A new startup called Relativity Space founded by two aerospace engineers wants to use massive 3D printers to produce rockets without humans required on the factory floor, with the ultimate aim of driving the price of rocket launches down from their current rate of around $100 million to just about $10 million per launch. Bloomberg reports that Relativity's founders think using 3D printing in this way in rocket production is "inevitable" – they just want to be the ones to get it here first.
The company's innovation isn't coming up with the idea of 3D printing rocket parts and even whole engines, the process is slow and costly vs. traditional welding. But Relativity went to the root of the problem by building its own 3D printers from scratch, using giant, robotic arms the tare nearly 20 feet tall that can produce a large rocket-sized fuel tank in just a few days, and an engine in only 1.5 weeks. Building a whole rocket should only take less than a month if the startup's process works as planned, compared to multiple months for Curren human-driven processes.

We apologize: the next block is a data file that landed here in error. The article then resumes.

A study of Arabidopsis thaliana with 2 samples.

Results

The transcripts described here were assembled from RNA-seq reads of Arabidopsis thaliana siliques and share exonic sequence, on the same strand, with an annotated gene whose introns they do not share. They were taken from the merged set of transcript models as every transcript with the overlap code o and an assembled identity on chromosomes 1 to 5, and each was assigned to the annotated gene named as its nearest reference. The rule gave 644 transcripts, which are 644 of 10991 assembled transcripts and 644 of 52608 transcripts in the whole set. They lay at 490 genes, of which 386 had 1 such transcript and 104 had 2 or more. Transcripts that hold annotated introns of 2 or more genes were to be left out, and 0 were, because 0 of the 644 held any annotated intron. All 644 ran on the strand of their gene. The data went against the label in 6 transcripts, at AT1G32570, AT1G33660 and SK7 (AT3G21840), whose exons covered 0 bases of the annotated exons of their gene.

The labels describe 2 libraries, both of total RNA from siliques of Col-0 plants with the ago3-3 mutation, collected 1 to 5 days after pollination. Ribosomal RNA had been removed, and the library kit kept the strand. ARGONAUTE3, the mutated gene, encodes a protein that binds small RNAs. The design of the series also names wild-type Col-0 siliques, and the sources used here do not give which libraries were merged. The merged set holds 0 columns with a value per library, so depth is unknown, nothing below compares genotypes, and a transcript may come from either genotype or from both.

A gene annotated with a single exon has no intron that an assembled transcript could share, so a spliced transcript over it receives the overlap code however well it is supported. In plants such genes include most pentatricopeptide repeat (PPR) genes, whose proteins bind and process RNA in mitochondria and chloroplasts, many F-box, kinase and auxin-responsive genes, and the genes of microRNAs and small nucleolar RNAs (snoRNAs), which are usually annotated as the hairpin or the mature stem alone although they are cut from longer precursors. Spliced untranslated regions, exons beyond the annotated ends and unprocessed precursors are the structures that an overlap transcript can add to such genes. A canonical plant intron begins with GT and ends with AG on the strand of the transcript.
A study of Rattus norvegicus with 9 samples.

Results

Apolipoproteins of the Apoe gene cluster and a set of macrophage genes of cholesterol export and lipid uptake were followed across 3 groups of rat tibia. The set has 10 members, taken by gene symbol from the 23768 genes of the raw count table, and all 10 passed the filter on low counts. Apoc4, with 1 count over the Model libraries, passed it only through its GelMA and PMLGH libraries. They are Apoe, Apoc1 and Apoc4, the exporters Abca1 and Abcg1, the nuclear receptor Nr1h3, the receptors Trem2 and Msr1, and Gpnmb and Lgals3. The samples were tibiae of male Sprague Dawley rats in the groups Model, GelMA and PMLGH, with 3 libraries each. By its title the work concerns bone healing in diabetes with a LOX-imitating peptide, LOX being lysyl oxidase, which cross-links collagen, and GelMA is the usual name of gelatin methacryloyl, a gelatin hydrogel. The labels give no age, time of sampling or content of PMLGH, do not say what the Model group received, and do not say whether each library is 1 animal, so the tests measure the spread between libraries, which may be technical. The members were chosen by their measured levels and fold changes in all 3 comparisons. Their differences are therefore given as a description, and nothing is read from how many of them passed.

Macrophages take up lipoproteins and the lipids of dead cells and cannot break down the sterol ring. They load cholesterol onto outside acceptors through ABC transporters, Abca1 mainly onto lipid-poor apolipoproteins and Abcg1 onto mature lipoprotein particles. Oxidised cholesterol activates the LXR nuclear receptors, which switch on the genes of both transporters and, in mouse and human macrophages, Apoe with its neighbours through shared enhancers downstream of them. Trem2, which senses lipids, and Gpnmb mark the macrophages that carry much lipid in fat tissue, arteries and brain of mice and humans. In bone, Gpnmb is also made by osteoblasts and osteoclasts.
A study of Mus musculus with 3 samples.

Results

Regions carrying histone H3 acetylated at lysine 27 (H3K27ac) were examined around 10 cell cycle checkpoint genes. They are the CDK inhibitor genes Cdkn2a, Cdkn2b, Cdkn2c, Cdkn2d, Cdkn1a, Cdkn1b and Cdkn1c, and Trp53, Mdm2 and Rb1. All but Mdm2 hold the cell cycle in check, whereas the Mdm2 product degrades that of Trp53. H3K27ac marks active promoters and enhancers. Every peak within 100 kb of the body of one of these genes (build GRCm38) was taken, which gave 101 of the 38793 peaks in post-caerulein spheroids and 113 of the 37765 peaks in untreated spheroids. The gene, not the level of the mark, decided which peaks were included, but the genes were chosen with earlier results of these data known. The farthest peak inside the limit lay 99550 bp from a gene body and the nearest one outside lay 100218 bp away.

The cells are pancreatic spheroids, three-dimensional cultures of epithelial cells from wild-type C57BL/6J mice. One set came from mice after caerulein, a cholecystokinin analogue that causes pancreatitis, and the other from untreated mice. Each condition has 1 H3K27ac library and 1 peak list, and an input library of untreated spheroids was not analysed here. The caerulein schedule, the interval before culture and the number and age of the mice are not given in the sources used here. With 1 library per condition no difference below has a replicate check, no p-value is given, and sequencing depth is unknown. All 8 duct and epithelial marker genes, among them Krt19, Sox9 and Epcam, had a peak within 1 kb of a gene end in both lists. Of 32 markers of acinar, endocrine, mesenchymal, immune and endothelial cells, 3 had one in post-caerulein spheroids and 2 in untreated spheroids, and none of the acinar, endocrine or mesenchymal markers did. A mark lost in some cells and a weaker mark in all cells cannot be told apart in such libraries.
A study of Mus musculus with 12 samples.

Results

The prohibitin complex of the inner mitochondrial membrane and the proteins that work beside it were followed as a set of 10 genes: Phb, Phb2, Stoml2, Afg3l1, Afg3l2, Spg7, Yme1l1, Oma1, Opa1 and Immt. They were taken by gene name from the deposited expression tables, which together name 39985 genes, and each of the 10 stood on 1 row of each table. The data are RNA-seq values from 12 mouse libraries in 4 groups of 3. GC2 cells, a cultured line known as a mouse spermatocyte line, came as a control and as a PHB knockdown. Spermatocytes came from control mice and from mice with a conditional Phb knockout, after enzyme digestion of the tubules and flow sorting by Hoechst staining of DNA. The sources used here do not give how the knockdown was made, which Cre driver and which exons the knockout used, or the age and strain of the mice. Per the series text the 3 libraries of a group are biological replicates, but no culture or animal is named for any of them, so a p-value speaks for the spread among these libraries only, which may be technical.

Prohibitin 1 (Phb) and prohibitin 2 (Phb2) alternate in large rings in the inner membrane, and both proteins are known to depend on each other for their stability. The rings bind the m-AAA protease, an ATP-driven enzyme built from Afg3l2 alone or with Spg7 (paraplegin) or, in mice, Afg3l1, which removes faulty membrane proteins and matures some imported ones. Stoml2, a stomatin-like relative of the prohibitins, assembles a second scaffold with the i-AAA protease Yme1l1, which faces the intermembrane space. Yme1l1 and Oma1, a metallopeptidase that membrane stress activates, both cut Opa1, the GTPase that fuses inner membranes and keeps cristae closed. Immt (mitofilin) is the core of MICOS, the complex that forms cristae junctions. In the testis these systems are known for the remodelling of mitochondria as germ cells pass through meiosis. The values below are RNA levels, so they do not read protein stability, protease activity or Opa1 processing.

What makes Relativity capable of doing this? Well, the founder's histories help. Co-founders Tim Ellis and Jordan Noone worked at Blue Origin and SpaceX respectively, and realized that the vast majority of their production costs was still labor, despite the efforts by both companies to decrease the price of launches considerably vs. what companies like the United Launch Alliance were charging.
The startup is still very young and has only 14 full-time employees on board, but it's hoping to print a 90 foot rocket with 2,000 pounds of carrying capacity by around the mille of the 2020s, with a first flight of a prototype hopefully going in 2021.
- This article originally appeared on TechCrunch.